Biodiesel-Powered BMW Bike Breaks Land Speed Record

By Motorcycle.Com Staff, Sep. 13, 2007, Photography by Chip Chipman

"With 78 per cent lower emissions than a standard diesel engine and more than 130 mph already achieved, we’ve proved that style, speed, and environmental efficiency can come together in one vehicle.”

Well, that tells us just about everything we need to know. How about you, readers?


From BMW:

An innovative custom-built biodiesel motorcycle has shattered the World Land Speed Record for diesel motorcycles at the BUB International Motorcycle Speed Trials at Bonneville Salt Flats in Utah, achieving a speed of 130.614 mph (210.203 km/h).

Interestingly, the ‘motorcycle’ – which started life as a BMW R 1150 RT – was in fact powered by a two-liter diesel engine from a BMW 3 Series car. Michael Sturtz, who rode ‘Die Moto’ to the new record at Bonneville, also made history by riding the first ever non-gasoline powered motorcycle at the world famous salt flats, setting the record using Greenline Industries’ B100 Bio-Diesel fuel.

“It’s great to know that we have the fastest diesel motorcycle in the world right now,” said Michael Sturtz, founder and executive director of The Crucible ( – an innovative industrial arts education facility in Oakland, California, that designed and fabricated the Die Moto project. “But it’s about so much more than that. Both The Crucible and Greenline share a commitment to address the world's environmental and socio-economic issues, and promote biodiesel as a viable alternative to diesel.

“The challenge for the Die Moto team was to demonstrate new capabilities of biodiesel and call attention to the need for automotive technology to integrate environmental responsibility with performance. With 78 per cent lower emissions than a standard diesel engine and more than 130 mph already achieved, we’ve proved that style, speed, and environmental efficiency can come together in one vehicle.”

The Crucible’s volunteer team – known as the ‘Diesel Dozen’ – was comprised of highly skilled professionals in the fields of engineering, motorcycle mechanics, design, fabrication, environmental health, and industrial arts. They constructed Die Moto from a BMW R 1150 RT, replacing the engine with a high-performance BMW 3 Series diesel engine that they found at a German car dismantler in England (this model is not sold in the USA). The result is a motorized work of art that pays homage to the early pioneers of motorcycle racing—a car engine on a motorcycle chassis encased in a gleaming hand-crafted aluminium fairing reminiscent of the early GP racers.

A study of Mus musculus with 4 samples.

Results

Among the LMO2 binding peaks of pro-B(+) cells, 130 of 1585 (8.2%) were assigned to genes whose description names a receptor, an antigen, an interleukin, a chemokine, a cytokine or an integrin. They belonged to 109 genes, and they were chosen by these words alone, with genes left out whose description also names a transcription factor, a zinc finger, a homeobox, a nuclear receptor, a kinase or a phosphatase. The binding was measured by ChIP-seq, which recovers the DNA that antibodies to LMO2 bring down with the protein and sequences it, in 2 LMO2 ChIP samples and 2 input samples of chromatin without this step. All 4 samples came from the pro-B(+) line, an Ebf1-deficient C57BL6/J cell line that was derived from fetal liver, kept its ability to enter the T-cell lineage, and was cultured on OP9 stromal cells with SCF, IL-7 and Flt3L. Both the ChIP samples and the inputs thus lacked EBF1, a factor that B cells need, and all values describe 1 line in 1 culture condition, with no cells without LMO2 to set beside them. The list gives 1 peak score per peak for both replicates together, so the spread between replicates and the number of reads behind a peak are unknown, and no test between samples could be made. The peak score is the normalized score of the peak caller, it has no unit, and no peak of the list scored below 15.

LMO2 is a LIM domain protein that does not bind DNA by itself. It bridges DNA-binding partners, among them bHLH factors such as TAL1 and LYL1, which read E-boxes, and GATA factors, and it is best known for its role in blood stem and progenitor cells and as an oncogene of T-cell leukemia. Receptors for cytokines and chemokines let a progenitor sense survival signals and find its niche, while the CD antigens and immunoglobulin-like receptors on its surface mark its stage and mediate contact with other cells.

“Although we call the team the ‘Diesel Dozen’ there have been about 25 people working on this exciting project and about 10 of them made the journey from California to Utah for the speed trials,” said Sturtz. “Bringing a vehicle like this to Bonneville made a real statement – especially among the ‘petrolheads’ who were surprised at first, but soon became very positive about what we were doing. A place like Bonneville is all about high octane and there we were with this machine that can run on vegetable oil, biodiesel or straight diesel!”

The team would have loved to have also tried to break the standard diesel record and establish a new record for ‘straight vegetable oil’ power, but stormy weather at the salt flats prevented any further progress.

“We’re not done with this project yet,” comments Michael. “This is an ongoing challenge for us. Die Moto was recently featured on the cover of Popular Science, and its impressive showing at Bonneville has opened the doors and set the bar high for other alternative fuel vehicles to compete in speed tests. The mission of the ‘Die Moto’ project was to demonstrate that environmental responsibility and alternative technology have a place in the headlines and the history books, and we expect to get it up to over 160 mph on our next run! We’ve had a few problems with the car’s computer engine management system, which has shut down as if someone was tampering with the key. We’re also about 700 rpm short of where we want to be, but once we can sort out these computer glitches, I’m hoping we’ll see 165 mph (265 km/h) on the clock.”